When it comes to selecting a marina to keep your boat, there are several factors to consider. Depending on where you live, you may have one or two local marinas or a whole assortment to choose from. Ask your local chamber of commerce or marine industries association for a list of marinas in the area.
From there, the best place to start your research is with the physical specifications of the marinas on the list, to make sure they can accommodate your boat. Since many of today’s marinas are designed not just to store boats but also to be destinations in their own right, it’s also important to take the services and amenities they offer into account before making your final decision.
Most marinas publish their key specifications on their websites, including the total number of slips available and the maximum length overall (LOA) of the boats they can accommodate. In addition to this information, it’s a good idea to check on the depth of the water that boaters must transit to enter the marina and access their slips. This depth is usually given at “mean low tide,” which is the average height of all low tides in a given location. If your boat has outboard engines, the depth probably is not a major consideration, but there are marinas in places like the Florida Keys where water depth can be an issue even for smaller outboard-powered boats at times.
The driving distance to the marina from your home is another factor to consider, but that doesn’t necessarily mean you should pick the closest one. You might prefer to find a marina that is nearer to the places you plan to visit in your boat, like a popular sandbar, a “party cove,” a fishing hot spot or a waterfront restaurant. In the long run, driving a little farther in your car to get to your boat’s marina might end up saving time, as well as expense for pricier marine fuel.
After determining which marinas on your list can accommodate your boat physically, you might want to call them to find out if they have any slips available and if not, how long the waitlist is for a slip of the size your boat requires.
The next thing to investigate is the level of services they provide. A freshwater faucet near your slip is the minimum requirement. Everybody needs to wash down their boat after a day on the water. Most marinas also offer shore power at each slip, but the voltage can vary. If you have a small center-console and will only be using the electricity to recharge its batteries, 30 amps should suffice. But if your boat has a galley with appliances like a refrigerator and cooktop, an air-conditioning system, an entertainment system, and lighting, you will need a higher-voltage shore-power hookup to run all your boat’s equipment while it is at the dock. High-speed internet service is not a given in every marina; be sure to ask your candidate marinas if it is available and whether it is included in the dockage fee.
A few marinas offer covered slips as an upgrade. Storing your boat in one is a great way to help protect it from the elements. Other services that some marinas provide include a fuel dock, so you can always start your boating adventures with a full tank; a holding-tank pump-out station; showers and restrooms for marina patrons; and a ship’s store that sells ice, life jackets, boat-cleaning products and other items you might need for your boat. Some marinas even have a marine service center, adding a layer of convenience if your boat needs a quick repair. If you are an angler, having a bait-and-tackle shop located in the marina also can be a real bonus.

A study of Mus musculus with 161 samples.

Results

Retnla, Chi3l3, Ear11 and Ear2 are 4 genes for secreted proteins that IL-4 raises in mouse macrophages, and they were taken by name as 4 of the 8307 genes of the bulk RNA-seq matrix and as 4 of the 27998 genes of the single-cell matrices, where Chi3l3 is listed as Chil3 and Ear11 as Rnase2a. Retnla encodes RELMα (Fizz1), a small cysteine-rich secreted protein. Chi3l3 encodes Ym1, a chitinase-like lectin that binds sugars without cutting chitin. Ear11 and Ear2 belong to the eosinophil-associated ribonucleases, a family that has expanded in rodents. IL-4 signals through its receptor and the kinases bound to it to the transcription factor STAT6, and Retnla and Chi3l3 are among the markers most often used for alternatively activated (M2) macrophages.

If you are keeping your boat up north, ask the marinas on your list if winter storage is available on-site. If the marina is in a hurricane zone, be sure to inquire about a plan for keeping your boat safe and secure during a major storm.
Beyond the on-site services that are available, it’s also important to discover any lifestyle amenities that the marina and its immediate environs might have to offer. Some marinas maintain a swimming pool that is open to their slip patrons. Also check to see if there are barbecue grills on shore that patrons can use to cook their catch or grill a batch of hamburgers or steaks.
Many marinas also have a waterfront restaurant or café where you can enjoy a meal after you finish washing your boat at the end of the day. If there is not a restaurant within the facility, there might be one within walking distance. The marina staff should be able to give you a list of eateries and other attractions nearby.
Naturally, the rate that a marina charges for its slip rentals, typically quoted in dollars-per-foot of a vessel’s LOA, is one of the most important factors to consider. Don’t forget that if your boat has a swim platform, it counts as part of its LOA. Shore power may or may not be included in the dockage fee – be sure to inquire. If a marina is loaded with amenities such as a pool, the slip rental fee might be higher than at other facilities – but if you have kids, it may be well worth paying a little extra.
After weighing the specifications, features and amenities each marina offers, along with its rates, you should be able to determine which one best fits your needs. Before you make your final decision, however, we recommend you visit the marinas on your “short list” in person. Meet the staff in the dockmaster’s office, check out the facilities and spend some time walking the docks. How helpful is the staff? When a boat comes in, does a dockhand come to greet it and grab the lines to help the boater tie up? Are the other people who dock their boats in the marina friendly? Do they spend time aboard their boats relaxing and socializing even while they are at the dock?
A marina can be more than just a place to store your boat. It also can be a fun destination to spend time in before and after you head out on the water. At best, it’s a place where you will make lifelong friends who share your passion for the boating lifestyle.